04.02.2014 - Communication & Information Sector

Developing the Kenya National OER Policy for achieving Education for All

UNESCO and the Kenya Ministry of Education organized a Workshop in Nairobi, Kenya, to formulate the draft Policy on Open Educational Resources for achieving high-quality Education for All. Over 35 delegates attended the two-day Workshop on 28 and 29 January 2014 to listen to presentations and exchange views on OER, the applicability of existing intellectual property laws in Kenya, and the positioning of OERs within existing policies for ICT in Education, and the National ICT Master Plan.

Defined as any type of educational materials in the public domain, or released with an open license allowing free use, adaptation, and distribution, Open Educational Resources (OERs) present Ministries of Education and educational institutions with a strategic opportunity to increase the quality of educational materials and using ICT to increase access to high-quality education especially for disadvantaged groups.

The objectives of the two-day Workshop held at the historic Stanley Sarova Hotel and facilitated by the Kenya National Commission for UNESCO were to:

  • raise awareness on harnessing potentials of OER policies in Kenya;
  • facilitate the understanding of OERs within existing ICT and education policy documents;
  • draft a new OER policy statement that is aligned with:
    • the Sessional Paper No 14 of 2012: Reforming Education and Training Sectors in Kenya Chapter 7: Information and Communication Technology, Open and Distance Learning in Education and Training,
    • (updated) ICT Strategy Ministry of Education, and
    • (updated) National ICT Master Plan Ministry of ICT

Mr Abel Caine, UNESCO Programme Specialist for Open Educational Resources, and Mr Jaco Du Toit, Adviser for Communication and Information at the UNESCO Office in Nairobi, presented the UNESCO OER Programme highlighting the Paris OER Declaration and the UNESCO - Hewlett OER Project to develop national-level OER policies in five countries, including Kenya, by 2014.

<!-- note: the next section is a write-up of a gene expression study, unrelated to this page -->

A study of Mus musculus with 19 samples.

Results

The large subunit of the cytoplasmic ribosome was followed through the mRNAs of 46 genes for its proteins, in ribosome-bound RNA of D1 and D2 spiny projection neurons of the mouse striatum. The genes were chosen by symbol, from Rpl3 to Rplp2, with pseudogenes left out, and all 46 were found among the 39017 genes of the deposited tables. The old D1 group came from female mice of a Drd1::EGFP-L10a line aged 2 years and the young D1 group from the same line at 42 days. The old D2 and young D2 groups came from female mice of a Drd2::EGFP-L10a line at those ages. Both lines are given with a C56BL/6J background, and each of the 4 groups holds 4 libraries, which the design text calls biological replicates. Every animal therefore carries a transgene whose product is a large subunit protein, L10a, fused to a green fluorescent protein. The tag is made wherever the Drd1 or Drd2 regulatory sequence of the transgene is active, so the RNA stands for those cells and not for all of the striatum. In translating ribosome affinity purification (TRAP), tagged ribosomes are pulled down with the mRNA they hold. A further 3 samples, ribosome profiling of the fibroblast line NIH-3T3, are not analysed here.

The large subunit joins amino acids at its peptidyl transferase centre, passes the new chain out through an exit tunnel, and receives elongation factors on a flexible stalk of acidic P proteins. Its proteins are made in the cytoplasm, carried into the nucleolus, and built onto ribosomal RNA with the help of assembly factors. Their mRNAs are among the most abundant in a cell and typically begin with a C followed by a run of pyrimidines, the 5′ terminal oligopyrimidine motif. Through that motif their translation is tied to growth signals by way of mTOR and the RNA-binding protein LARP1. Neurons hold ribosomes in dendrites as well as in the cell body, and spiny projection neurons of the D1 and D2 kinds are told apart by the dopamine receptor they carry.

Mr Alex Gakuru, from Creative Commons Africa, presented the national legal framework for intellectual property rights highlighting many relevant provisions from the Constitution promulgated in 2010.

Mr Kwame Shiroya, from the ICT Authority, presented the scope and schedule for the new National ICT Master Plan due to be implemented by June 2014.

Ms Cecilia Wakahiu, from the Kenya Ministry of Education ICT Directorate, presented the existing 2006 ICT in Education Plan, the 2012 Sessional Paper on Education, and the new areas to be included in the revised ICT in Education Plan.

The Workshop resulted in the development of the comprehensive draft National OER Policy focussing on key-entry points aligned to the Sessional Paper including:

  • Intellectual Property Rights and Licensing;
  • Leadership and management;
  • Skills/Knowledge for policy advisors, Quality Assurance Policy Guidelines;
  • Professional Development (Human Resource Policy);
  • Curriculum and Assessment (Curriculum Design/Materials Development, Sourcing (procuring) content, Costs, File Formats);
  • ICT Infrastructure and Deployment (ICT Infrastructure and Connectivity);
  • Marginalized and Vulnerable Groups.

The draft was discussed by the OER Policy Committee and formulated a Work Plan with time-frames and further actions until the Policy is officially approved by the Kenya Minister of Education.

Ms Shelmith Wanjohi, lead coordinator for the OER Policy Committee responsible for drafting the Policy was very pleased by the draft Policy and Work Plan. “Within the new Kenya Constitution and Kenya Vision 2030, the OER Policy will set a clear path for using OERs to achieve universal access to high quality education for all Kenyans.”

The Committee estimates the Kenya OER Policy will be ready by September 2014 and will join other countries including Oman, Indonesia, and Senegal in utilising OERs for Education for All.